Indian Law Against Human Trafficking For Sex, To Target Clients

Himanshi Dhawan & Mahendra Kumar Singh

Indian Government is set to amend the Immoral Traffic Prevention Act to bring clients under its ambit, rendering them liable to imprisonment upto six months and a fine extending upto Rs 50,000.

The Union Cabinet will take up on Thursday the Immoral Traffic Prevention (Amendment) Bill to enhance the punishment for those involved in human trafficking for sex, and include clients among the offenders.

At present, "clients" don't come under the purview of the act in what has been seen by many as an infirmity in the law. The proposed amendment, which defines the client as "a person who visits or is found in a brothel," has run into angry protests from sex workers and NGOs.

The proposed amendment, part of the move to clamp down on the world's oldest profession, has attracted protests from NGOs and sex workers' representatives who have argued that the new amendments would drive sex work underground and criminalise clients.

The proposed amendments, as recommended by Parliament's standing committee, also provide for stricter punishment. For instance, "any person who keeps or manages a brothel" will now be liable for rigorous imprisonment of two years which may extend to three years and a fine which may extend to Rs 10,000 for a first conviction.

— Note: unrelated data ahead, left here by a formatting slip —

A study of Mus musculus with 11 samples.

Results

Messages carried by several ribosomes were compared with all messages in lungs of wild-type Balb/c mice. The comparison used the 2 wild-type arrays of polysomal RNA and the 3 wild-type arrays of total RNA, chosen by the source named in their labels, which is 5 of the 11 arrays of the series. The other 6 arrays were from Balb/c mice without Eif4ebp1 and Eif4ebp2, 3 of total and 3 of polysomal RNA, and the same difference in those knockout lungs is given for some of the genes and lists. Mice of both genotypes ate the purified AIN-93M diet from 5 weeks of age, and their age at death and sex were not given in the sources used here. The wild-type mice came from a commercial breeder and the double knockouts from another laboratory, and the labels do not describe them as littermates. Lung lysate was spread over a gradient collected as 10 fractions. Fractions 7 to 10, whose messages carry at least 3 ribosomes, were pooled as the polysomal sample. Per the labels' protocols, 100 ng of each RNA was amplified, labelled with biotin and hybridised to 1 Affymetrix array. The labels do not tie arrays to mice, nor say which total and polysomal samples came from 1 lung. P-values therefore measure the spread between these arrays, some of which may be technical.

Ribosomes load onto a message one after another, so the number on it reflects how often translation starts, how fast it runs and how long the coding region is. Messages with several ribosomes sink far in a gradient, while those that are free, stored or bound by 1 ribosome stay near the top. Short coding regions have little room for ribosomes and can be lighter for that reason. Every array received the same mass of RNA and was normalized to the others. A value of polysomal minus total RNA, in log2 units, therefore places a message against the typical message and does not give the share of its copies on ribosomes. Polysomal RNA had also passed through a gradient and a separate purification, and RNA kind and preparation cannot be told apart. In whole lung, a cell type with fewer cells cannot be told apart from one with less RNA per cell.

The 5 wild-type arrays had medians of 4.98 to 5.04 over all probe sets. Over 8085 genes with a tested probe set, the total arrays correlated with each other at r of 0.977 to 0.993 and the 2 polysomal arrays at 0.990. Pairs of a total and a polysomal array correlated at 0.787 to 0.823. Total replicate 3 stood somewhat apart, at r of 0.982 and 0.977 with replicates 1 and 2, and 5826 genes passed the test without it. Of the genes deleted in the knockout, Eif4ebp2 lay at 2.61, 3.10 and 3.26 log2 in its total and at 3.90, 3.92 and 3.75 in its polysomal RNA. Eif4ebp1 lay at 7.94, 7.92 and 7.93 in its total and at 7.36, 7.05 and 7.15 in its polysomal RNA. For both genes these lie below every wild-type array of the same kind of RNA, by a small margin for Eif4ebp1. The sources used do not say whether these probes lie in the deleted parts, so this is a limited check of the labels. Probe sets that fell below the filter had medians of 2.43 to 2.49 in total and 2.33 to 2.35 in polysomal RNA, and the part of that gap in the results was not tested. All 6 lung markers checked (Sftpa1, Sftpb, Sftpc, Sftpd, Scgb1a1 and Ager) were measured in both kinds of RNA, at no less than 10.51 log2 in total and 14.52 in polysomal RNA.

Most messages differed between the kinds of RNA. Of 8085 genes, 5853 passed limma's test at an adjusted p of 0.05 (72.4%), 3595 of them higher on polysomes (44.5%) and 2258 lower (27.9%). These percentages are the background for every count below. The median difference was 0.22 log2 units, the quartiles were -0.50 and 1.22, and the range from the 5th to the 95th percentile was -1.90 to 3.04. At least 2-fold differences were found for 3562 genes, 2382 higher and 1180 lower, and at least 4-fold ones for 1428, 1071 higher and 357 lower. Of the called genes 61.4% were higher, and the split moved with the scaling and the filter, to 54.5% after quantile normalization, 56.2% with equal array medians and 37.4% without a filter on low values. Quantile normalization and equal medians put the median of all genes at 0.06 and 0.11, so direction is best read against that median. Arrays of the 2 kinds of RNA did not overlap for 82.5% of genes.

This may increase to seven years and a fine of Rs 2 lakh. For a person caught trafficking, the punishment can extend up to life imprisonment.

The Bill designed to amend ITPA also makes provision for setting up of a central authority that will work towards combating and prevention of trafficking.

NGOs and sex workers' associations, who have for long demanded that commercial sex be legalised, have carried out widespread protests.

Amongst the objections that they have to the changes are that they seek to penalise clients but in effect drive sex workers underground, criminalise consensual adult sex work and undermine HIV prevention interventions among sex workers and the general population.

ITPA had been tabled in Parliament last year and was referred to a standing committee. The recommendations of the committee were incorporated by the ministry of women and child development before the proposed legislation was made public.


Tushar said...


Interesting to find you tracking India related Anti Human Trafficking issues. Would you like to start a thread on this issue in the discussion forum? is the UN Global Initiative to Fight Human Trafficking website (for South Asia)

Would be happy to have you as part of our online community.